Taiwan’s stock index is poised to rally a further 10 percent based on momentum indicators and Fibonacci ratios, according to Auerbach Grayson & Co.
The surge in the Taiex Index relative strength index past 70 on Dec. 6 is “a sign of strength” that confirms a “bull trend” when coupled with other technical tools, not a signal to sell as suggested by “conventional wisdom,” said Richard Ross, global technical strategist at Auerbach Grayson in New York. The index’s jump to a two-year high capped a 76.4 percent retracement on the Fibonacci chart, he said.
“Taiwan is in an outstanding technical position,” Ross said in an e-mailed response to questions. “We love the breakout to a fresh multiyear high. This should set the stage for a test of our initial upside target around 9,600.”
The Taiex rose 0.6 percent to 8,753.84 yesterday, the highest since May 2008. The measure has gained eight out of the past nine days on the prospect closer trade ties with China will allow technology companies to boost sales. Morgan Stanley and Citigroup Inc. this month forecast the index will reach 10,000 in 2011, while Nomura Holdings Inc. turned “bullish,” predicting the equities will be among the year’s best performers.
Fibonacci analysis is based on the theory that prices rise or fall by certain percentages after reaching a high or low. The ratios are based on the sequence discovered by 13th century mathematician Leonardo da Pisa, known as Fibonacci, while studying the reproduction rate of rabbits. Key percentages include 23.6, 38.2, 50, 61.8 and 76.4. Technical analysts use the RSI to predict when unusual gains and retreats will probably reverse.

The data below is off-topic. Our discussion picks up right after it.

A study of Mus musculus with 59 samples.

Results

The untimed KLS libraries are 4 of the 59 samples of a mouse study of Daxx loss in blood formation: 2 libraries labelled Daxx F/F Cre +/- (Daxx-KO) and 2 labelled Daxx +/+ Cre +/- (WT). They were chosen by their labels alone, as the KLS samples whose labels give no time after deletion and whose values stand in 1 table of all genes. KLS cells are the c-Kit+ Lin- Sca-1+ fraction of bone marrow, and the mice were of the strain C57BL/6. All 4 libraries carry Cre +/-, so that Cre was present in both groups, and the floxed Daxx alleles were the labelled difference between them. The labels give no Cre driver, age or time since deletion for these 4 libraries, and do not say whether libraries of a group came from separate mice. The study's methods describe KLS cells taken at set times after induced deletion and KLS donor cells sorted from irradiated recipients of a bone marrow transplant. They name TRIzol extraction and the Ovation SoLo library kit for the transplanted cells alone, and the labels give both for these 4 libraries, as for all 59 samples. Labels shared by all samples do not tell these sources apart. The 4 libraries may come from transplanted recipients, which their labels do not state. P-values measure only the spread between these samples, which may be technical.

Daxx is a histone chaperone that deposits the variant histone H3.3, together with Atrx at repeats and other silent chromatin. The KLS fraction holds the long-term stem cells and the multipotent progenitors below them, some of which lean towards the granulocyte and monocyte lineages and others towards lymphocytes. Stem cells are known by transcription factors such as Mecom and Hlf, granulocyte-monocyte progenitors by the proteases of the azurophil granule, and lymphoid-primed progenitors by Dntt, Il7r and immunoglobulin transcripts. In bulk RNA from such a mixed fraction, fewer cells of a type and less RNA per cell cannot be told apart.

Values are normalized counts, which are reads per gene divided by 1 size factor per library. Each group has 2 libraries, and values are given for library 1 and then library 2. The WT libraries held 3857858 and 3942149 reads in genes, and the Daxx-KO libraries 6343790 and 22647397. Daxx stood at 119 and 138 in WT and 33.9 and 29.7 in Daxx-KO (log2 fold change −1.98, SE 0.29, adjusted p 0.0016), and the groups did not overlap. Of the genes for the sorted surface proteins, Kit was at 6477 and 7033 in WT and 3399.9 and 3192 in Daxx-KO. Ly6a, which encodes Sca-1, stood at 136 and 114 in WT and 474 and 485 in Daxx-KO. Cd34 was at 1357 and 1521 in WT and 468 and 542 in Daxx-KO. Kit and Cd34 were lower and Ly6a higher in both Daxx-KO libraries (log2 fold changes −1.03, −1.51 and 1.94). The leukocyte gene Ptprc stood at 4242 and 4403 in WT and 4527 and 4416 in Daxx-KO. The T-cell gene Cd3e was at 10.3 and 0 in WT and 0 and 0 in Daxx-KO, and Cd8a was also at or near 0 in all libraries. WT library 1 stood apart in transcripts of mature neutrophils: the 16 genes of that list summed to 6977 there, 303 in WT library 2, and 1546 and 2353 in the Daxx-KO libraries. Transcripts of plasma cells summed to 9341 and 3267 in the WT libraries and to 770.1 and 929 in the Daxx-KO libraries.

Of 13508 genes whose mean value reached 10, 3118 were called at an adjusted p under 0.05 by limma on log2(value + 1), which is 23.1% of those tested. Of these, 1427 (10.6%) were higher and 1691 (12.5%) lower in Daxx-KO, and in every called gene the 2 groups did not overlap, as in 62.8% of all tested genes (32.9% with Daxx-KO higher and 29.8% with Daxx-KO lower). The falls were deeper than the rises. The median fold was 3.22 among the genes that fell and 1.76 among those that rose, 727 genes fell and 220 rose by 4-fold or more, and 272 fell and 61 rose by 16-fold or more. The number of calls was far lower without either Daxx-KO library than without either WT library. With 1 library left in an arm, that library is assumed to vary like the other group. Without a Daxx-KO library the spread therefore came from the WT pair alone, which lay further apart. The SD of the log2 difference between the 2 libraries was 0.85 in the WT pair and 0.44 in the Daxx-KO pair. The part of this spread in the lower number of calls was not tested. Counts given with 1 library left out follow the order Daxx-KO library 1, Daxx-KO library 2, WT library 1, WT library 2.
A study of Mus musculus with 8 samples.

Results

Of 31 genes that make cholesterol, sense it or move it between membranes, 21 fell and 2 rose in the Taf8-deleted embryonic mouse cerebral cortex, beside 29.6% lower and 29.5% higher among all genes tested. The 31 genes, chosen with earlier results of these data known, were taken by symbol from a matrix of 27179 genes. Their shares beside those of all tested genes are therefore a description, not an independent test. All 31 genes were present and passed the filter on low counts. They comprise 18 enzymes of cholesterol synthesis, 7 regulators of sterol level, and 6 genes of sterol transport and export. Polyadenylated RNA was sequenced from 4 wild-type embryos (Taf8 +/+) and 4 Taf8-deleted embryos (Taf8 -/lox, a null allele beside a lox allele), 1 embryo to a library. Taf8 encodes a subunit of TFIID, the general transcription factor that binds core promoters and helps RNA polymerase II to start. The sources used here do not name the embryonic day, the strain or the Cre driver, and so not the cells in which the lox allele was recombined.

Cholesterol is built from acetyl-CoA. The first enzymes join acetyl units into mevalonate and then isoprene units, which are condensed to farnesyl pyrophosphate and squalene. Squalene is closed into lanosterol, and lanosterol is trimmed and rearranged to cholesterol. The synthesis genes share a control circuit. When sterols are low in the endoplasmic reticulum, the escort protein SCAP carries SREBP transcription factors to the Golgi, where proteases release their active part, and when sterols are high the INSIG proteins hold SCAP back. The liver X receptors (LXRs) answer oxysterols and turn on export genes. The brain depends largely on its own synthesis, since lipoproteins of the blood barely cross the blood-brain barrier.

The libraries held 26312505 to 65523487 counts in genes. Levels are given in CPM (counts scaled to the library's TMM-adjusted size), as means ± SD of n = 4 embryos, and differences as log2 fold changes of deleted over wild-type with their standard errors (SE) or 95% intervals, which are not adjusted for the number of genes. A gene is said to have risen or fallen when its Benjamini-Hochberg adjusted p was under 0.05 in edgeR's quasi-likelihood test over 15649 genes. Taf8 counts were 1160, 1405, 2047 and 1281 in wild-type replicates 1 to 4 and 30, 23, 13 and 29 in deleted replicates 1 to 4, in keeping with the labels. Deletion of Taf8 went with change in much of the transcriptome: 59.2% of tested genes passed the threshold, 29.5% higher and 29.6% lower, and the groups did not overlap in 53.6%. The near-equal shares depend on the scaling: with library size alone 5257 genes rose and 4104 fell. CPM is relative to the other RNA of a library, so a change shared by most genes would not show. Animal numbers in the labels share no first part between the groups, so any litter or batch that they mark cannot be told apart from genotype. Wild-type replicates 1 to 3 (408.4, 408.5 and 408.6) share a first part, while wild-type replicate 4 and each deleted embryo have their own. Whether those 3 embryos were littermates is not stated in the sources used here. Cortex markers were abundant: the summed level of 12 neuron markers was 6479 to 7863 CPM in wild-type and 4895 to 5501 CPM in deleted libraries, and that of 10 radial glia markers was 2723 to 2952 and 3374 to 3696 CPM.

“Taiwan is entering a super-cycle as a beneficiary of the peace dividend,” Morgan Stanley analysts led by Frank A.Y. Wang, wrote in a report Dec. 3. With closer ties across the strait, the brokerage said tourism is a “big opportunity” for Taiwan, as more Chinese visitors will increase political stability and cross-strait opportunities.
Ross is less bullish on the outlook for Chinese stocks, recommending an “underweight” based on a negative divergence between price and momentum and a “looming” so-called head-and-shoulders pattern on the Hang Seng China Enterprises Index. The pattern is formed by three consecutive peaks on a chart, with the middle being the highest. A breach of a neckline connecting the base of the three peaks, also a support level, may signal the reversal of a trend.
The index of 40 Hong Kong-listed mainland companies slipped less than 0.1 percent to 12,731.42 yesterday, the fourth decline in five days.
“Chinese H-shares are in a weak technical position as they approach critical support at 12,700,” Ross said.
Chinese stocks have fallen this year on concern tighter monetary policy will slow growth in the world’s fastest growing major economy. The H-share index has slipped 0.5 percent, while the Shanghai Composite Index has dropped 14 percent, the worst performance in Asia.